The typical reaction people have when revealed that I work in the costume world for film and tv is "Oh that must be so much fun, putting together cute outfits all day", I quickly intercede with "It's not what you think..."
As someone who naturally expresses myself through my clothing choices but happens to work in the world of costume and costume design I feel a responsibility in such situations to educate those around me on the distinct difference.
Lets start with fashion, shall we? Fashion is an immense artistry and industry that we all come into contact with on a daily basis. When we are in a fashion/styling mindset the goal is to dress someone with the intention for them to look their best for an event or an activity. Finding and tailoring the right clothing for the occasion and putting it together with complimentary shoes and accessories.
Fashion seen on the runway that is presented by a designer, in the designers vision and intention, incorporates a great amount of storytelling, we also see this in editorial format as well. Typically these stories are told through visual presentation in addition to more abstractly through the clothing itself.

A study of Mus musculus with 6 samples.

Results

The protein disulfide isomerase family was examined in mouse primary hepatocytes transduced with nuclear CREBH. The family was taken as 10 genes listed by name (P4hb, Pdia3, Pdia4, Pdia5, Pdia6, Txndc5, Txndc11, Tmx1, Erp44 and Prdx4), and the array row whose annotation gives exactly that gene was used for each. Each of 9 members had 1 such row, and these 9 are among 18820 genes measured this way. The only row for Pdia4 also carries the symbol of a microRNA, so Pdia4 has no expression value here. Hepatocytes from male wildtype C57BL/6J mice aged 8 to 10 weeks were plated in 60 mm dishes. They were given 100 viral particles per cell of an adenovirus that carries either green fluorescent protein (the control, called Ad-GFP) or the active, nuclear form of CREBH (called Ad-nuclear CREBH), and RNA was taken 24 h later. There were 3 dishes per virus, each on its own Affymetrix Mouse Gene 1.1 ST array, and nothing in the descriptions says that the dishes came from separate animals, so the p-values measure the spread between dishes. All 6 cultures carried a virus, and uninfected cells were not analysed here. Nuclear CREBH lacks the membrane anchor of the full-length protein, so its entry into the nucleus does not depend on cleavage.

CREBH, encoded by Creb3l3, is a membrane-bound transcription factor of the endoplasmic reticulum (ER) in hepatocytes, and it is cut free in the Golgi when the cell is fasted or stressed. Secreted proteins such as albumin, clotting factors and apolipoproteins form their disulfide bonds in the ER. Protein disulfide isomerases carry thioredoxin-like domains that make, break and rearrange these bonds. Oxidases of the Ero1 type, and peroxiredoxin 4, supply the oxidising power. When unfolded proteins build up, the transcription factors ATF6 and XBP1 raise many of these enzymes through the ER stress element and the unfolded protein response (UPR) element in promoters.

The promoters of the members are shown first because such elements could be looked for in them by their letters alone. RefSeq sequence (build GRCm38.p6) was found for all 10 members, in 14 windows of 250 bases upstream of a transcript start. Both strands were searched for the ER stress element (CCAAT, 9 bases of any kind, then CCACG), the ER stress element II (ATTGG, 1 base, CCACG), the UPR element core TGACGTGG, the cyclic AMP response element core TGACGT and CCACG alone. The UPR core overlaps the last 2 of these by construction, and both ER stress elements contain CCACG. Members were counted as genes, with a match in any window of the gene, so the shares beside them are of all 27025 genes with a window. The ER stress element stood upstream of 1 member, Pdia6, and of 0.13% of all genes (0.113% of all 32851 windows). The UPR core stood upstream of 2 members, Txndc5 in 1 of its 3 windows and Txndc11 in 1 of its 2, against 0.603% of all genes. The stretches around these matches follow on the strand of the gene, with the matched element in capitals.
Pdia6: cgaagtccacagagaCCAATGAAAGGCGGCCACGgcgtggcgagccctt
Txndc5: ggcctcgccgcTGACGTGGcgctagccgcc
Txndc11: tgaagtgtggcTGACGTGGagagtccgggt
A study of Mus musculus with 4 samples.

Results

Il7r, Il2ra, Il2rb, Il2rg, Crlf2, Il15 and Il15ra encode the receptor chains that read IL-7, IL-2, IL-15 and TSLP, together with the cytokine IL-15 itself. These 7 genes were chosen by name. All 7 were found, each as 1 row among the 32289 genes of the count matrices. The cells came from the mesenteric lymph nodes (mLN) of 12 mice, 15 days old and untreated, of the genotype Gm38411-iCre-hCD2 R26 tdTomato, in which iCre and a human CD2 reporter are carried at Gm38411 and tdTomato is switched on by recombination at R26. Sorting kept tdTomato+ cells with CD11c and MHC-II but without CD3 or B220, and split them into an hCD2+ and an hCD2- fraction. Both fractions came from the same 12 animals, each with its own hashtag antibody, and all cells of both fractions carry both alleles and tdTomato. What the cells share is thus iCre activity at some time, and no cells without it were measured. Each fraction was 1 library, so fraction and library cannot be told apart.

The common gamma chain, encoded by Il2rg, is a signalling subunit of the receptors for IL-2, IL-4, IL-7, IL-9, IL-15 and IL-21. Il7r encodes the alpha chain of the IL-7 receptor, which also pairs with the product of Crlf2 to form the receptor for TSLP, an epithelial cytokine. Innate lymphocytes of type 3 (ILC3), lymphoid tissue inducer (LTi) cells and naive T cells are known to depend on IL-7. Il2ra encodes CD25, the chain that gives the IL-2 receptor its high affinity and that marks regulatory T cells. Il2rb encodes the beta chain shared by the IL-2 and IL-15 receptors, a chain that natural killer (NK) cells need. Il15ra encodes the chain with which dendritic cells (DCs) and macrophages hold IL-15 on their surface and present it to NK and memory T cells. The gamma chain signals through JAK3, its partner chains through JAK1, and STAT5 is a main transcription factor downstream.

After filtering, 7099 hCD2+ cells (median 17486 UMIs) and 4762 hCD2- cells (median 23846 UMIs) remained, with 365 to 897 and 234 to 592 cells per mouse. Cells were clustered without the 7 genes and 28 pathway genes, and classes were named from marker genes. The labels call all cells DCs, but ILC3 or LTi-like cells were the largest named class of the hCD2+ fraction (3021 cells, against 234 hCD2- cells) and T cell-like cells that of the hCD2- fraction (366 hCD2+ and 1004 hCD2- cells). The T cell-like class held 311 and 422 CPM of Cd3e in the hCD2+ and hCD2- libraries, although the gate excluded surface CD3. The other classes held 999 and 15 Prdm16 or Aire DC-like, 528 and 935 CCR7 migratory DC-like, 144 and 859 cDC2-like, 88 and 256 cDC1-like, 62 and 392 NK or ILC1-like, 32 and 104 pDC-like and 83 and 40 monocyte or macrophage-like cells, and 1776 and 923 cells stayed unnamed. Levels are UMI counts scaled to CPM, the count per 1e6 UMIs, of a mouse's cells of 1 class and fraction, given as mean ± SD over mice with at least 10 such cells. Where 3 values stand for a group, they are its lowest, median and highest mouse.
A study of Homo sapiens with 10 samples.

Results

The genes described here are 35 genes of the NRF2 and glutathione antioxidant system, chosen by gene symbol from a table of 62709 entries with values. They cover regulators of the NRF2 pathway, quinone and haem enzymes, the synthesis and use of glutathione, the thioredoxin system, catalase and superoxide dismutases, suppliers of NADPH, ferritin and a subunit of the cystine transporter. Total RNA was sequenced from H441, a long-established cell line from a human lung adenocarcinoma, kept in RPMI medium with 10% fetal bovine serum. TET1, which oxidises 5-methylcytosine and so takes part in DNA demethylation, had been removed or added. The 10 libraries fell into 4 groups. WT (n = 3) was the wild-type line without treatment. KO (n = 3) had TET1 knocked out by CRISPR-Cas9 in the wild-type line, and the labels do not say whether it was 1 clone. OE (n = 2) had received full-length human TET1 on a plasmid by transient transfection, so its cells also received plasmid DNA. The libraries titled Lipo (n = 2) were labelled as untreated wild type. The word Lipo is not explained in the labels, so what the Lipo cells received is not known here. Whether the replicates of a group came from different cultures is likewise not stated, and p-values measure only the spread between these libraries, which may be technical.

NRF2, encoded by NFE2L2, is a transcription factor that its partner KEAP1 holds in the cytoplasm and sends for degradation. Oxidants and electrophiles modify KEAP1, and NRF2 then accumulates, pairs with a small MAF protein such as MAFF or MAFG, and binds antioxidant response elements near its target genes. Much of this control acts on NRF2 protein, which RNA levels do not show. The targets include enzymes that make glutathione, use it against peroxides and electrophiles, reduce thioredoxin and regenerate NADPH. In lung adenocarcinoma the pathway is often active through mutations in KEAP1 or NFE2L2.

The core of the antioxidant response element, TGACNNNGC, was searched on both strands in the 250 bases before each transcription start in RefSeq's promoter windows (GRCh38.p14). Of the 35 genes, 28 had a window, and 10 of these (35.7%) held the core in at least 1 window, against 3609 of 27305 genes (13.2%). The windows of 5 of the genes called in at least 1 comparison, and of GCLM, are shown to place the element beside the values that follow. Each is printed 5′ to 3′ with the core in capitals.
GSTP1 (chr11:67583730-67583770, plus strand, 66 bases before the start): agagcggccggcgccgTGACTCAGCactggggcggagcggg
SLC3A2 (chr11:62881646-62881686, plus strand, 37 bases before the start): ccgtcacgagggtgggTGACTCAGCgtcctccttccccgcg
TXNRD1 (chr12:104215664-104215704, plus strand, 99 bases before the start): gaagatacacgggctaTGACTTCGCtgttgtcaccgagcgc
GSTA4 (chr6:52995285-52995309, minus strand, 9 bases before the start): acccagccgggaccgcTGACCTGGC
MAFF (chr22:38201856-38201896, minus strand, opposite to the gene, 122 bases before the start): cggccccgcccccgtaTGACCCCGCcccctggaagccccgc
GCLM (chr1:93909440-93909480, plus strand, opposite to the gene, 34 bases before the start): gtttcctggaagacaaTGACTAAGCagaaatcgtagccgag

Now let's look at the other side of the spectrum, the costume world.
I always like to use this example when I have someone in front of me. So imagine you are standing in front of me this is what I would say:
"So you just got cast in a movie I am designing, you (insert name here) are playing a character named Joan who works in the mail room of a 60 story building in manhattan in the 1980s, she is struggling to make ends meet, her husband left her for her sister and left her with 3 kids. She had to take the first job she could, so here we are. You are no longer (insert name here). You are Joan, someone with Joan's backstory cares very little about her outer appearance as she has bigger fish to fry in her life, my job is to convey that through clothing. Joan is not a fabulous creature who wears off the runway Prada. Her clothes are worn, not brand new, her kids clothes are hand me downs.
This is all of the psychology behind costume design that is never seen but greatly influence the design of the look. In regards to the job very little of it involves clothes. Majority of the work comes from taking, in this example "Joan" off of the pages of the script and into a fully visualized character.
I encourage you the next time you see a movie or your favorite tv show to take a closer look at the clothes. Are they brand new? How do they fit? Are they worn out?
Costumes in addition to the many other departments that are required to create a film is massive. So many things go into every piece that not many people realize or recognize. But isn't that what being a master of your craft is? Doing it so well that it looks effortless?